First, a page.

TWU demands inquest into heavy vehicle fatalities in QLD

By: Jason Whittaker

"Criminal bosses" and "crooked loading agents" will be in for a rude shock if the Queensland Government launches an inquest

"Criminal bosses" and "crooked loading agents" will be in for a rude shock if the Queensland Government launches an inquest into heavy vehicle fatalities, according to Hughie Williams of the Transport Workers Union (TWU).

Williams, Queensland’s TWU Branch Secretary, met with Attorney-General Kerry Shine today requesting an inquest into why the heavy vehicle road toll has hit 20, 15 more deaths than this time last year.

Williams says Shine was supportive of the TWU’s stance and will take the TWU’s concerns to Premier Anna Bligh as well as State Coroner Michael Barnes.

"The Attorney-General is of the same opinion as us," Williams says. "Too many people have been killed and it has got to stop."

Although Barnes plans a review into heavy vehicle fatalities, Williams says the Bligh Government must launch an inquest to bring to justice businesses that willingly float occupational health and safety (OH&S) laws, such as excessive driving hours, or push drugs on to their drivers.

Williams says an inquest into heavy vehicle fatalities will "scare the daylights" out of people or businesses doing the wrong thing because it will permit the Government to bring people before a court, cross-examine them and, if necessary, lay charges or impose a jail term.

"We want to see people who are causing these problems, such as drug sellers, crooked loading agents, criminal bosses…and anybody in the industry who is pushing drivers to take drugs or to drive illegal hours…brought before the inquest…charged and…jail[ed]," Williams says.

"[It is] these people who are creating all of this unnecessary carnage."

Williams hopes Shine will raise the union’s concerns in Parliament in order to give politicians from both sides the chance to express their views on what should be done to curb the heavy vehicle road toll.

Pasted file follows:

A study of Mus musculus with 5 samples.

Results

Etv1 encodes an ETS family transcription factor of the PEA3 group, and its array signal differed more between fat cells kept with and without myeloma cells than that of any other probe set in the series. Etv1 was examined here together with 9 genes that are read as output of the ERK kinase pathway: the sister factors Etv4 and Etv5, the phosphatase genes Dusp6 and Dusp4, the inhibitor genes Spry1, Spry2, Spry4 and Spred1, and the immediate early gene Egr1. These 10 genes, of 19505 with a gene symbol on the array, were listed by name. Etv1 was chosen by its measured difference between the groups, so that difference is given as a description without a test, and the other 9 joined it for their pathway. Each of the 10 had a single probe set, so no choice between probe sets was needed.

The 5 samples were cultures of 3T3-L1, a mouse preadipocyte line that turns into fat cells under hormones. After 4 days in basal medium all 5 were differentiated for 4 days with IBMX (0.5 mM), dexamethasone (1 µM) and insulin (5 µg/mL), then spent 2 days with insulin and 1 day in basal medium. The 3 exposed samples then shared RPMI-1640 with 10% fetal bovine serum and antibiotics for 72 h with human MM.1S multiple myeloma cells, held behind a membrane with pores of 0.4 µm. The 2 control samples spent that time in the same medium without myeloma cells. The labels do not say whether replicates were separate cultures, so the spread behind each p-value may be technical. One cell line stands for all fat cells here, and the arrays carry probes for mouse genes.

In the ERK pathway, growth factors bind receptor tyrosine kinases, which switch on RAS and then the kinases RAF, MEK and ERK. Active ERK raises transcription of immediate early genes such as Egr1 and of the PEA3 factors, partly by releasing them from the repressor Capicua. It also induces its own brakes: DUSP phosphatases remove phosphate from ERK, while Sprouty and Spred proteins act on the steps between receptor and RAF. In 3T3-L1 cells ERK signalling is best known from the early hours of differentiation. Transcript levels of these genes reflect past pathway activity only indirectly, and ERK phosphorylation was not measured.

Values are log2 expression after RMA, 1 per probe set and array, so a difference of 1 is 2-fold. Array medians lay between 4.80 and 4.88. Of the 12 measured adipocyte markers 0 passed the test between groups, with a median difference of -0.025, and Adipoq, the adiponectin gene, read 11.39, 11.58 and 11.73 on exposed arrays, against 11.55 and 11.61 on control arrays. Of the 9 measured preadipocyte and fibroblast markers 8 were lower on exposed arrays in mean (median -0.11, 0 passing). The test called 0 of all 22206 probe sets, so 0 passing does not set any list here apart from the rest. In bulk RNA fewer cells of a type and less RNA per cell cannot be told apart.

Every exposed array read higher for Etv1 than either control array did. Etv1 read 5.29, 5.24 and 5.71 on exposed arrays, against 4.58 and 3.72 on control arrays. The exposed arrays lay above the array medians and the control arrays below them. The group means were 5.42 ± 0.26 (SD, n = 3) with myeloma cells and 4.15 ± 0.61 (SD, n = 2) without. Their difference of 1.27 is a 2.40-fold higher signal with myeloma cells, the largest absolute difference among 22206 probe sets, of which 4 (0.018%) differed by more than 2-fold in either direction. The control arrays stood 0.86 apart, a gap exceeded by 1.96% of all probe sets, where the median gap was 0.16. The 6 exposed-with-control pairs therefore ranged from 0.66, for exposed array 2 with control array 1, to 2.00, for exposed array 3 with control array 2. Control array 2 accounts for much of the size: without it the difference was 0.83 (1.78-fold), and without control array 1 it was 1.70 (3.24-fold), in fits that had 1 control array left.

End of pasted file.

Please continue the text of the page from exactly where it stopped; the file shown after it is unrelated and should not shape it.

The TWU will also be lobbying State MPs to support an inquest.

"We will not only be talking to Labor members of Parliament, I am going to ring around some of the National Party people and the Liberal Party people and say, ‘well, what are you going to do?’, Williams says.

"They will see the opportunity to get on the bandwagon with us."

Williams also pointed to poor infrastructure as a cause of heavy vehicle fatalities in Queensland. He says the Government should be using revenue gained from the transport industry to upgrade Queensland’s roads.

"The Bruce Highway, for instance, is a bloody disgrace," Williams says. "How two semi-trailers can pass on that road is a bloody problem."

Furthermore, Williams has called on the State Government to develop more truck stop facilities to address driver fatigue. He says having drivers pull over on the side of the road is not acceptable because they are at risk of being side-swiped by passing traffic.

"We are all saying that drivers should stop and have a rest, but where do they stop and have a rest at," Williams says.

"There should be truck stops designed for people which can be in placed about six hours apart where drivers can have a shower and get something to eat."

While focusing solely on Queensland for the moment, Williams is hopeful other state and territory governments will launch inquests if need be.

"We have all got to get together and do something about it," he says.